View this artwork by appointment, at Tate Britain's Prints and Drawings Rooms
Japanese-born Masami Teraoka combines the influences of traditional Japanese art forms and American Pop art, exploiting the cultural and temporal disparities between the traditional style and the contemporary issues and ideas which form his subject matter. After training with traditional Japanese masters, Teraoka moved to Los Angeles to study Western art in 1961. From the 1970s, he began painting watercolours, and later prints, which mimicked the appearance of ukiyo-e, Japanese woodblock prints of the Edo Period (1615-1868). In these works, he creates scenes using characters from Kabuki theatre, geisha and samurai, recreating the characteristic dramatic landscapes of the prints, and incorporating cartouches and calligraphy. Teraoka draws on an affinity between these ‘floating world’ prints, which were mass-produced for an emerging bourgeois market, and the work of the Pop artists, who celebrated mass-production and low forms of culture.
With these works, Teraoka aims for what he terms a ‘metaphorical’ rather than physical representation of reality. He says:
‘Mere depiction of social and cultural issues is not enough. My work has to create something that goes beyond simple perception. To make a strong statement, art needs timeless aesthetic qualities. These can take any subject matter to a higher level of experience. That is the essence of what I am pursuing.’ (Paintings by Masami Teraoka, 1996, p.55.)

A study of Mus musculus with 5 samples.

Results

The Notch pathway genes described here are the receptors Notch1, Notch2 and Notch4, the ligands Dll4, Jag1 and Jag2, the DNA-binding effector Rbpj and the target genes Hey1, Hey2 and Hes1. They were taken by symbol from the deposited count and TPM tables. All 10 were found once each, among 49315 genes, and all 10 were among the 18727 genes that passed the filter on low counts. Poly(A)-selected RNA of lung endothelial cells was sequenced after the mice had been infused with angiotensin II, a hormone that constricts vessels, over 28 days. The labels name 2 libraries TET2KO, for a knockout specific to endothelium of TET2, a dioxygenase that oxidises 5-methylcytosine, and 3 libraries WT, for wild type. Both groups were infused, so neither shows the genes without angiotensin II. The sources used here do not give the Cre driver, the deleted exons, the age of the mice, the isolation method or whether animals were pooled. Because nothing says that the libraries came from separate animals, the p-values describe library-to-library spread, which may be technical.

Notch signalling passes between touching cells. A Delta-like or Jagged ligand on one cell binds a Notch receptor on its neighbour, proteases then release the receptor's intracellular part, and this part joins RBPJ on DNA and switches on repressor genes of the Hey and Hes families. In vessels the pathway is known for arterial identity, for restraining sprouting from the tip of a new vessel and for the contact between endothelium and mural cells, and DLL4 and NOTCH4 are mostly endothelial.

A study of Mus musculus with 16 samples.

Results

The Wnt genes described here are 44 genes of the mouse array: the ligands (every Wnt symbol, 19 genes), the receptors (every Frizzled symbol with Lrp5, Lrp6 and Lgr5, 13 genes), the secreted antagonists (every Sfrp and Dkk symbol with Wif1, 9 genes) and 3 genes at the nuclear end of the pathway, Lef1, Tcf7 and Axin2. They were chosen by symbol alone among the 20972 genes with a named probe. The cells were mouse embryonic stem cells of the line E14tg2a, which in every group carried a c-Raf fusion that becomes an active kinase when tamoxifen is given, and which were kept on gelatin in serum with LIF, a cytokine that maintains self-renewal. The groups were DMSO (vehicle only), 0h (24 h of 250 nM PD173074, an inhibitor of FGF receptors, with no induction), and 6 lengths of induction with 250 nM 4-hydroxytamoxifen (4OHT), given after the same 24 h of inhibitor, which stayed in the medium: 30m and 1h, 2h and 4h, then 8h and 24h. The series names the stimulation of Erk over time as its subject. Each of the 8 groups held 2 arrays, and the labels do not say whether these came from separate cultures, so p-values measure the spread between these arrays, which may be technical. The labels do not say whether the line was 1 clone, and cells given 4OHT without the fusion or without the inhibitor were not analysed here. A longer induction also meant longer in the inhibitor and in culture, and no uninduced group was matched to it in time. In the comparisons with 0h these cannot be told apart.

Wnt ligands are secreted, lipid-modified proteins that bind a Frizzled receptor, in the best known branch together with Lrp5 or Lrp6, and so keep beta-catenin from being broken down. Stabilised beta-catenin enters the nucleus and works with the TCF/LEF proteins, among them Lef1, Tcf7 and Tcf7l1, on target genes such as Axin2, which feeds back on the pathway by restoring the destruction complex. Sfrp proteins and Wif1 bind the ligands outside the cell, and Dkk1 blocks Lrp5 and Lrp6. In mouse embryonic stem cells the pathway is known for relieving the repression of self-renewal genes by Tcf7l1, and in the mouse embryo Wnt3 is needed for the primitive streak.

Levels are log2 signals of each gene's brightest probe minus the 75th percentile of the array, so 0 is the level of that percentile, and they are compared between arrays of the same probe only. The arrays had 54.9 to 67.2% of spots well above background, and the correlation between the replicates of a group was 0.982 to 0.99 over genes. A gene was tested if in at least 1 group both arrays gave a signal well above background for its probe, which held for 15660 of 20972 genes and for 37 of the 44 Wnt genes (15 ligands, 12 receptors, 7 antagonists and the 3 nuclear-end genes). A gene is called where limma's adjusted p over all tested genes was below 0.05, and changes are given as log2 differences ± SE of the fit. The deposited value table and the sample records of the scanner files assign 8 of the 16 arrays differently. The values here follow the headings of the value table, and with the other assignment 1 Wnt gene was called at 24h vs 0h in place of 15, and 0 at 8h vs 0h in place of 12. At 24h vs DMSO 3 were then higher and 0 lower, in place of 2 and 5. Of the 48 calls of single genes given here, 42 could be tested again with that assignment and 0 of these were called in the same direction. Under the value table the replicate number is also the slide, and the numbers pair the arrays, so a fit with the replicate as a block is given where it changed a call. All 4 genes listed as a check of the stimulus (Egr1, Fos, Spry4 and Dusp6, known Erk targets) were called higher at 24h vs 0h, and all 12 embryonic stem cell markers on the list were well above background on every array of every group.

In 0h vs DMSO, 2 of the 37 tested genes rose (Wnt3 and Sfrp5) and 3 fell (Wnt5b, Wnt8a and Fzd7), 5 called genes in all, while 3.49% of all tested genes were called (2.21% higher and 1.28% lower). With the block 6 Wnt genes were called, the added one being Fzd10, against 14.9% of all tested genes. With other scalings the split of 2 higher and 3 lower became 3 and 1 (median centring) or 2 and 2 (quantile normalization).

This is one of four large prints that make up the portfolio Hawaii Snorkel Series, produced under the supervision of Kenneth E. Tyler over a period of two years from May 1991 to May 1993. Teraoka combined woodblock techniques with etching and aquatint. While the distinct black lines in traditional ukiyo-e are achieved through overprinting with a second wooden block, at Tyler’s suggestion Teraoka used etching and aquatint on a copper plate to achieve a similar effect and a further range of tonal areas.
Like all Teraoka’s prints, Longing Samurai combines the characteristic stylised landscape and composition of ukiyo-e prints with Teraoka’s personal iconography and contemporary references. Two characters dominate the picture, creating a potential narrative to be read across the image. A blond woman in a backless black swimsuit stares at the viewer over her left shoulder, oblivious to the Japanese man with his snorkel gear crouching in the surf behind her. Teraoka suggests an autobiographical interpretation of the image:
‘In Longing Samurai, the punk-haired boy could easily have been me at the age of twenty-five when I arrived in America. Everything was fascinating and exciting, but I became frustrated at not being able to understand what people were saying. It is not easy for this punk-boy to become friends with the American woman in front of him. It seems he might be having a sexual fantasy but the reality is definitely beyond his grasp.’ (Masami Teraoka, 1993, unpaginated.)
Each print in the portfolio was produced in an edition of thirty. Proofs for this print include eight AP, six TP, RTP, PP I, PP II, TGL Imp., and Archive.
Masami Teraoka and Kenneth E. Tyler, Masami Teraoka: Hawaii Snorkel Series, 1993, reproduced in colour, unpaginated.
Paintings by Masami Teraoka, exhibition catalogue, Arthur M. Sackler Gallery, Smithsonian Institute, Washington D.C., 1996, reproduced p.87 in colour.
Masami Teraoka: From Tradition to Technology, the Floating World Comes of Age, exhibition catalogue, Chikumagawa Highway Museum, Obuse, Japan, 1997.